A worker installs First Solar Inc. photovoltaic solar panels at the Agua Caliente Solar Project in Yuma County, Arizona.
Joshua Lott | Bloomberg | Getty Images
Shares of First Solar dropped more than 16% during extended trading Tuesday after the company reported missing revenue expectations during the fourth quarter and issued weak full-year guidance.
The solar-panel manufacturer has faced rising raw material costs and supply chain bottlenecks.
Here’s how the company did in its fourth-quarter results relative to estimates compiled by Refinitiv:
- EPS: $1.23 per share vs. $1.06 expected
- Revenue: $907 million vs. $918 million
First Solar’s full-year guidance also came up short of Wall Street’s expectations. The company expects revenue between $2.4 billion and $2.6 billion, while Wall Street was calling for $2.76 billion.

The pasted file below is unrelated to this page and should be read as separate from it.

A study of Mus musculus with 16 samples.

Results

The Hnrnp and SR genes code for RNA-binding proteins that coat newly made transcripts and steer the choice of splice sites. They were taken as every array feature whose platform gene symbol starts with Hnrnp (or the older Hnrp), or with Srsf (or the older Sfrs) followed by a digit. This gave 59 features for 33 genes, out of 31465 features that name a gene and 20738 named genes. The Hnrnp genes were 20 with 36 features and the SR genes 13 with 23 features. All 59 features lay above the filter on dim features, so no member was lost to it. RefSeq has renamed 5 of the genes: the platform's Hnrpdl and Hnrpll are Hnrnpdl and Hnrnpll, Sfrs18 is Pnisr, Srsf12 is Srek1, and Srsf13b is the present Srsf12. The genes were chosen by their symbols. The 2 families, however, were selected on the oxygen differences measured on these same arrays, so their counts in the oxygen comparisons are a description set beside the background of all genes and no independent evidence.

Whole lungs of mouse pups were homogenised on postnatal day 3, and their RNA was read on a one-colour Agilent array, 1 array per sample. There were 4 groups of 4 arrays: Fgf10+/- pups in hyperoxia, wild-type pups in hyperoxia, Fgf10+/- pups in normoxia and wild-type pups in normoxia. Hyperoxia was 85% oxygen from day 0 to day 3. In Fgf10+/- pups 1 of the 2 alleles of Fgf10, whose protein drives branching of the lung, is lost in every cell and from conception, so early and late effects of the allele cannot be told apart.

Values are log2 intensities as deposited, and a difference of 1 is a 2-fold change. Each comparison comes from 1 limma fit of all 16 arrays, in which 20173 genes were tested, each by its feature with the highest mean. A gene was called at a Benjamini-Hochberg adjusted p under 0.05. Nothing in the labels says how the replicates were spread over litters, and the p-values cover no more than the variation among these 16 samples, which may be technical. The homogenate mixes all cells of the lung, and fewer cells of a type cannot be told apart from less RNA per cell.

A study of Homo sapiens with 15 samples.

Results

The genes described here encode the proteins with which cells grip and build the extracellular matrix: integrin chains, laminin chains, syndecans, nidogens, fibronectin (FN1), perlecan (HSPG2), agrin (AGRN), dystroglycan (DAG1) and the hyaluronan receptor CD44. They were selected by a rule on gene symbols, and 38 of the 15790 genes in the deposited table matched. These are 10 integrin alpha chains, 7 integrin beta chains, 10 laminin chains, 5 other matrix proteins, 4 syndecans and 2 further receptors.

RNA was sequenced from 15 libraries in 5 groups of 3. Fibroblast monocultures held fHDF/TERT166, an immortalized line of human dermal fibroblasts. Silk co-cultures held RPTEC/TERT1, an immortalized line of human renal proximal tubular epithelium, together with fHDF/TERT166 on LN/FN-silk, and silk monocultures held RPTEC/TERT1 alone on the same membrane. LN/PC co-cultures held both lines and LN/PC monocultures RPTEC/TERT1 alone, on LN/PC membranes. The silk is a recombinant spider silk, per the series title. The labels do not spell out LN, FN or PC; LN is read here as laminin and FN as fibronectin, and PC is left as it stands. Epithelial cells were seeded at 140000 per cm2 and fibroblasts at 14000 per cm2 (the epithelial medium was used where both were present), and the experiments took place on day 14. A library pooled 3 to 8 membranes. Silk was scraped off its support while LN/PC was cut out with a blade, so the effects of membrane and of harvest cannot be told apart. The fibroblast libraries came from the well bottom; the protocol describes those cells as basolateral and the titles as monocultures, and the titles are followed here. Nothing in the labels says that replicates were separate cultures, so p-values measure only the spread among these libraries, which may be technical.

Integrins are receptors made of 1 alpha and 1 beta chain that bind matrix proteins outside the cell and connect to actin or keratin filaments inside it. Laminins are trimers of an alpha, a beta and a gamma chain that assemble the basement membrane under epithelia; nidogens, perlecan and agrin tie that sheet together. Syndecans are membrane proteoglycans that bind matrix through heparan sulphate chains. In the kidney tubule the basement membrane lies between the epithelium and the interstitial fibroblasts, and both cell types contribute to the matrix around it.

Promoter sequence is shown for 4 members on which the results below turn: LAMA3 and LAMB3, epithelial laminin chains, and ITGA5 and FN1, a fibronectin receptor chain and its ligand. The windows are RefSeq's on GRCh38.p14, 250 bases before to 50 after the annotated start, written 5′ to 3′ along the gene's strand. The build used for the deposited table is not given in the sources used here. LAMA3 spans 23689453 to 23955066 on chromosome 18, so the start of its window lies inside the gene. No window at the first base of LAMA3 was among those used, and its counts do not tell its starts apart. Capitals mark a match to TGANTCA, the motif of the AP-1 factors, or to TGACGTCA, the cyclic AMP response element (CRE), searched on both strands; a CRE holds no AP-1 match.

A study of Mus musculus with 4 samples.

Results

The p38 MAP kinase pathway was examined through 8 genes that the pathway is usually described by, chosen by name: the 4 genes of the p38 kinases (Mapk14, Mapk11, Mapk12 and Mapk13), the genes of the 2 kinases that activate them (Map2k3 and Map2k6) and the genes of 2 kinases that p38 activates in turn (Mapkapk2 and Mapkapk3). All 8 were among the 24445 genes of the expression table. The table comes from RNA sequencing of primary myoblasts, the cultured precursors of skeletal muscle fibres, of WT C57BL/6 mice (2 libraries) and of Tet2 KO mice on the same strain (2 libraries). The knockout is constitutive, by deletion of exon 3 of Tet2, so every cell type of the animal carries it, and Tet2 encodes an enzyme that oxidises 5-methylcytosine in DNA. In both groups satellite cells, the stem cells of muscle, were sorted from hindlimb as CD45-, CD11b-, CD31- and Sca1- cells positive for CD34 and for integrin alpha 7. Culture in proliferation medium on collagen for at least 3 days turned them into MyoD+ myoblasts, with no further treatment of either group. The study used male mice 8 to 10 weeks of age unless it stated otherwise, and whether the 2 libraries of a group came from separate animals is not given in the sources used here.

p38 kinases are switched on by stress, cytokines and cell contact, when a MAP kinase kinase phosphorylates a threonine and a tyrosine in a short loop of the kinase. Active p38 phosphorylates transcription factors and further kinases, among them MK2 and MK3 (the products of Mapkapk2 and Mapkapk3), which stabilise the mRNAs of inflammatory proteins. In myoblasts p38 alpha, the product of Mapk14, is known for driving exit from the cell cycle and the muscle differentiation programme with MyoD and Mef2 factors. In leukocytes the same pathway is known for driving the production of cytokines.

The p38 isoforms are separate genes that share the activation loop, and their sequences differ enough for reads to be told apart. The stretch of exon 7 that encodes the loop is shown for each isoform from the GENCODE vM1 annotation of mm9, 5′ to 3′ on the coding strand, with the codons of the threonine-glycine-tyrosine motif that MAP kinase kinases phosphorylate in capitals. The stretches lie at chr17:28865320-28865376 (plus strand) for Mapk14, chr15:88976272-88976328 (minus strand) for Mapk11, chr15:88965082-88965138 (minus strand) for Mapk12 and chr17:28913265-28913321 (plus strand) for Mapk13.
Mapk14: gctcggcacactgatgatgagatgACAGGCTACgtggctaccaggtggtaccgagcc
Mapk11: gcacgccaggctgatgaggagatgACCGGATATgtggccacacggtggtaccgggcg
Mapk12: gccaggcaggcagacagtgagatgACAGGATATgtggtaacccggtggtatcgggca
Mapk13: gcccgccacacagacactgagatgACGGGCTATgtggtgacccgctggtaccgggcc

The company expects earnings per share to be between breakeven and 60 cents for the full year, well short of the $1.92 analysts were expecting.
First Solar CEO Mark Widmar said the solar-manufacturing industry faced a year of “supply chain, logistics, cost and pandemic-related challenges.”
The company also announced that it’s in advanced-stage discussions to sell its project development and operations and maintenance platform in Japan.
Looking ahead, Widmar said 2022 will be a “pivotal year,” with “significant investment” across manufacturing expansion, new producers, R & D and new contracting strategies.
But, on the conference call following the company’s quarterly update, management conceded that 2022 is expected to be a challenging year from an earnings standpoint, especially due to elevated freight costs. Prices for contracted volumes have risen between 200% and 300% above pre-pandemic levels, First Solar said. In 2022, the company expects contracted freight rates to jump 100% year over year.
Along with elevated costs, transit times also have increased, while “reliability and availability has significantly worsened, pushing more volume into a higher price spot market.”
The company also pointed to rising commodity costs, including a 40% jump in steel prices throughout 2021.
This story is developing, please check back for updates.